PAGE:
No woman can call herself free who does not own and control her body.
You see, I trust women. I’m not fooled by people who diminish women’s choices and the process by which they make them by saying that they make their choices out of vanity, convenience, or hedonism. I believe in women to make the right decisions for themselves and for their families. Sure, we get it wrong sometimes, but I also trust women to know the risks and own their mistakes.
I’m a mother, a feminist, and an advocate for reproductive justice. I care deeply about the threat of women being forced to carry pregnancies to term against their will, I worry about women being forced or manipulated into sterilization, my heart aches and my belly burns because women still don’t have universal access to contraception without question, burdensome cost, or judgment. I’m sick at the thought that women are arrested for being pregnant and addicted, and I’m goddamned furious that they are locked up for being honest about their ambivalence about motherhood and commanded by the law to do what’s “best” for them as though they were recalcitrant children. It is only natural, then, that I feel that VBAC is a vital matter. Not just vital, a write-your-congressman, call-the-media, picket-in-the streets matter!
Having been raised Catholic, I think of hospitals primarily as charitable institutions, the inheritors of St. Jude and St. Vincent de Paul. In my mind, hospitals take the sick and the broken without question, without judgment, and without discrimination. They are supposed to serve the afflicted, whether they have the flu or got caught in a combine, so for them to effectively tell a woman that what she is doing is far too dangerous for them to let her through the doors unless she consents to surgery is not only absurd, it is discriminatory. So-called “VBAC bans” send a clear message to women: we don’t think that you will make the right decision, we feel that you are putting your own birth experience over your child, and we will therefore take matters out of your hands. Women with uterine scars, you are not welcome here unless you do what we tell you, because we know what is best for you.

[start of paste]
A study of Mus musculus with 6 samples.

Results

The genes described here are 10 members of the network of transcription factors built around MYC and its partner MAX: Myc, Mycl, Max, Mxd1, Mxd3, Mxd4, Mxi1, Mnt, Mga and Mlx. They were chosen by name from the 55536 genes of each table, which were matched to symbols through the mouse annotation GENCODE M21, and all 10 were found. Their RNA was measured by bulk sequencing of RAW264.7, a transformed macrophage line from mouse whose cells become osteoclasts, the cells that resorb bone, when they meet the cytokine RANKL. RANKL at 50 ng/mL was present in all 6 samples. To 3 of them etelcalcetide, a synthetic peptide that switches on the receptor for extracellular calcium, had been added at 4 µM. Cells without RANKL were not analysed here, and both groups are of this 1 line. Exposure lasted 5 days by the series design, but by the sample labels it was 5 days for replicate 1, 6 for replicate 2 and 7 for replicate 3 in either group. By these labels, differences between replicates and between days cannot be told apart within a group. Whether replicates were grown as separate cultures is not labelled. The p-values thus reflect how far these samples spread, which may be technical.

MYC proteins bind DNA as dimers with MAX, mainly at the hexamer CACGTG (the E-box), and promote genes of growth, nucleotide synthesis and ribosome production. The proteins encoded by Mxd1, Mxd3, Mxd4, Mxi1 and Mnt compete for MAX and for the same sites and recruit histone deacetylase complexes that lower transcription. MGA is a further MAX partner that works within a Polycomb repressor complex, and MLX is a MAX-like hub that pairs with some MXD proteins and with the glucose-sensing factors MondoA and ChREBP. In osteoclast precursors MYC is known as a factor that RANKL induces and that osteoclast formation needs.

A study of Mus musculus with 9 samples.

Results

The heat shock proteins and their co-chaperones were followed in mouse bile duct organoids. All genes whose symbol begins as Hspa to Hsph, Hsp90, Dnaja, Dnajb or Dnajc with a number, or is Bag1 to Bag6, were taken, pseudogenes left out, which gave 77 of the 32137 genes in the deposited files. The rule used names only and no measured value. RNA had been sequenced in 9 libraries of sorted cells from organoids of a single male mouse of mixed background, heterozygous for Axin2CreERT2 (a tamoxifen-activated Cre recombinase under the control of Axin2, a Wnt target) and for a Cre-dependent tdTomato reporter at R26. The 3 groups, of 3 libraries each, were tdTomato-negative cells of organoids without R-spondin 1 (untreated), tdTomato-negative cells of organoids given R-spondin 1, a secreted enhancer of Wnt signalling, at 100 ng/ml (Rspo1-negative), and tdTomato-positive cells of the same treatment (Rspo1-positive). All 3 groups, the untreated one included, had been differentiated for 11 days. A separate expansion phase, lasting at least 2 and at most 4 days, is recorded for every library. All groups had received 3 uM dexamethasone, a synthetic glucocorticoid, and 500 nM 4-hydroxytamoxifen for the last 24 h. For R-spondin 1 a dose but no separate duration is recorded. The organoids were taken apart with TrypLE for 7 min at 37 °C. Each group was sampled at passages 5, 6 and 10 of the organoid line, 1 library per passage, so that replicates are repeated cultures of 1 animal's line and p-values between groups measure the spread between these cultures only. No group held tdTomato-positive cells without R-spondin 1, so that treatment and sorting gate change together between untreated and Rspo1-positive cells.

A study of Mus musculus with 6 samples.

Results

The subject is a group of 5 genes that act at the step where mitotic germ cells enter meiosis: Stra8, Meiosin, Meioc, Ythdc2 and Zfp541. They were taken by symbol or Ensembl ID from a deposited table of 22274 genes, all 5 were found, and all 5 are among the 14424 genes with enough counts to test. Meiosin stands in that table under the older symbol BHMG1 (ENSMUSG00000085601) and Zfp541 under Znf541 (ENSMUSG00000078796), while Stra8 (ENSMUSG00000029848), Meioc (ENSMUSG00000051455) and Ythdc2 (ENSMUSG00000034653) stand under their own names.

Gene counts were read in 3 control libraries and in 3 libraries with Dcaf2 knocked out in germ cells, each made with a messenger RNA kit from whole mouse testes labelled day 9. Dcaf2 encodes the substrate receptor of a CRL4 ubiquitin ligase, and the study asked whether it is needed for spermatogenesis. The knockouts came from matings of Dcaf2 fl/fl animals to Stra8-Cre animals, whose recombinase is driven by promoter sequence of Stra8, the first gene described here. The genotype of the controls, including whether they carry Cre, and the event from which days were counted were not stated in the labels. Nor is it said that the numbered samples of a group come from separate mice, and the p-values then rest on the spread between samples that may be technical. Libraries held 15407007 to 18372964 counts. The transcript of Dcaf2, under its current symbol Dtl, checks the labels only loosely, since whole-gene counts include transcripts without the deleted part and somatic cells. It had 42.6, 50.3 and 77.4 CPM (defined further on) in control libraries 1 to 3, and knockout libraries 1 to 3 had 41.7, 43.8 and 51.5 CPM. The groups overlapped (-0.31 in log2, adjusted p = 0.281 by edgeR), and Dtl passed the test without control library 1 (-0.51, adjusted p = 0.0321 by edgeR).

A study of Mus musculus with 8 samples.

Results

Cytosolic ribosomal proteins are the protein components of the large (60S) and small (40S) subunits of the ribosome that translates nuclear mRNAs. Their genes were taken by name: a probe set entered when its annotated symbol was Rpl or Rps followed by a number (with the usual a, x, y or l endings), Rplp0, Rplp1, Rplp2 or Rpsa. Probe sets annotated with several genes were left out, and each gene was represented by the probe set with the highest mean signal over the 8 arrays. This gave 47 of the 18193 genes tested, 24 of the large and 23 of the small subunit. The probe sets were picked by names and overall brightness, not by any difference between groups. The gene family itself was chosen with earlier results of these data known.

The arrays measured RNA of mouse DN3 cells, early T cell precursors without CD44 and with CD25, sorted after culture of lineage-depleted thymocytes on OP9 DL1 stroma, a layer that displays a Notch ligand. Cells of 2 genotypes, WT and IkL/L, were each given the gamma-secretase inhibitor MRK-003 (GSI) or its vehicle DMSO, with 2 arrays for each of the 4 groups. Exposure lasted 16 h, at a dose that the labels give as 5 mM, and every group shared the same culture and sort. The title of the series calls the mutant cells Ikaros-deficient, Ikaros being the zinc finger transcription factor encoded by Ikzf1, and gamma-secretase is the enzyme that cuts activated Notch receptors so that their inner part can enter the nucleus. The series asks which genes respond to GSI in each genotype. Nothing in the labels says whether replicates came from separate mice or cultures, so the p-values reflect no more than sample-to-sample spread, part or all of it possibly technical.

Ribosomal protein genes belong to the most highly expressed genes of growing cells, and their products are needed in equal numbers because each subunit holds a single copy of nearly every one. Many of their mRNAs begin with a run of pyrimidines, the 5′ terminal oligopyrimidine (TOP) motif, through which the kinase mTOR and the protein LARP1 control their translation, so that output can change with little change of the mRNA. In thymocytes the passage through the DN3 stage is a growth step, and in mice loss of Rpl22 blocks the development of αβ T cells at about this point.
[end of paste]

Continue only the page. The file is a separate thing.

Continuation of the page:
The resoundingly paternalistic and anti-woman message is all the more clear when hospitals try to make excuses.
- But you will sue us over a less-than-perfect outcome. The funny thing about malpractice is that plaintiffs don’t win unless there is actual malpractice. And you know who gets to set the standard? Other OB/GYNs. You’ve got most of the cards here, there must be a way to create guidelines for safe VBAC that ensure access without forcing women to sign away their right to legal vindication if a doctor commits malpractice.
- But it costs far too much for us to insure our facility/practice. So now the financial bottom line is more important than the lives and health of women? I’m sorry, there is a lot wrong with my profession and we fail to serve a lot of people in a lot of ways, but I don’t see throwing up my hands and turning the other way as the solution. If my profession is failing the people we are supposed to serve, you can bet your cookies I’m working to change it. I know doctors care! I’ve seen doctors picket and speak out against laws that restrict women’s healthcare decisions and insurance practices that leave Americans in the cold. VBAC is no different! If you care about the women you serve, grab your stethoscope, roll up your lab coat sleeves, and join us in the trenches because we need your help!
- But our hospital is not equipped to handle VBAC! This is perhaps the most frustrating of all the excuses, because it is an admission that the hospital is not equipped to handle any labor. If we accept the technocratic paradigm of childbirth, which focuses on the possibility of catastrophic consequences, every birth has the potential to end in disaster, every birth should have an anesthesiologist and an obstetrician on the premises at all times. If a maternity ward can only handle emergencies scheduled between the hours of 9 to 5, they need to seriously rethink the message that birth in a hospital is safer than birth anyplace else.
What I see even intelligent people around me fail to grasp is that when we talk about “lack of access to VBAC” we are not just talking about lack of access to the latest fad in cosmetic procedures, we’re talking about forcing women who want to deliver in hospitals to choose between unwanted and possibly unnecessary surgery and not procreating. To a feminist, and to a birth activist who wants to see women be able to safely deliver their babies in a variety of settings, this is not an acceptable choice. VBAC is indeed a vital option, and until it is a viable choice that all women can make without fear of manipulation, coercion, or reprisal from doctors and even the child protective system, women are not fully equal.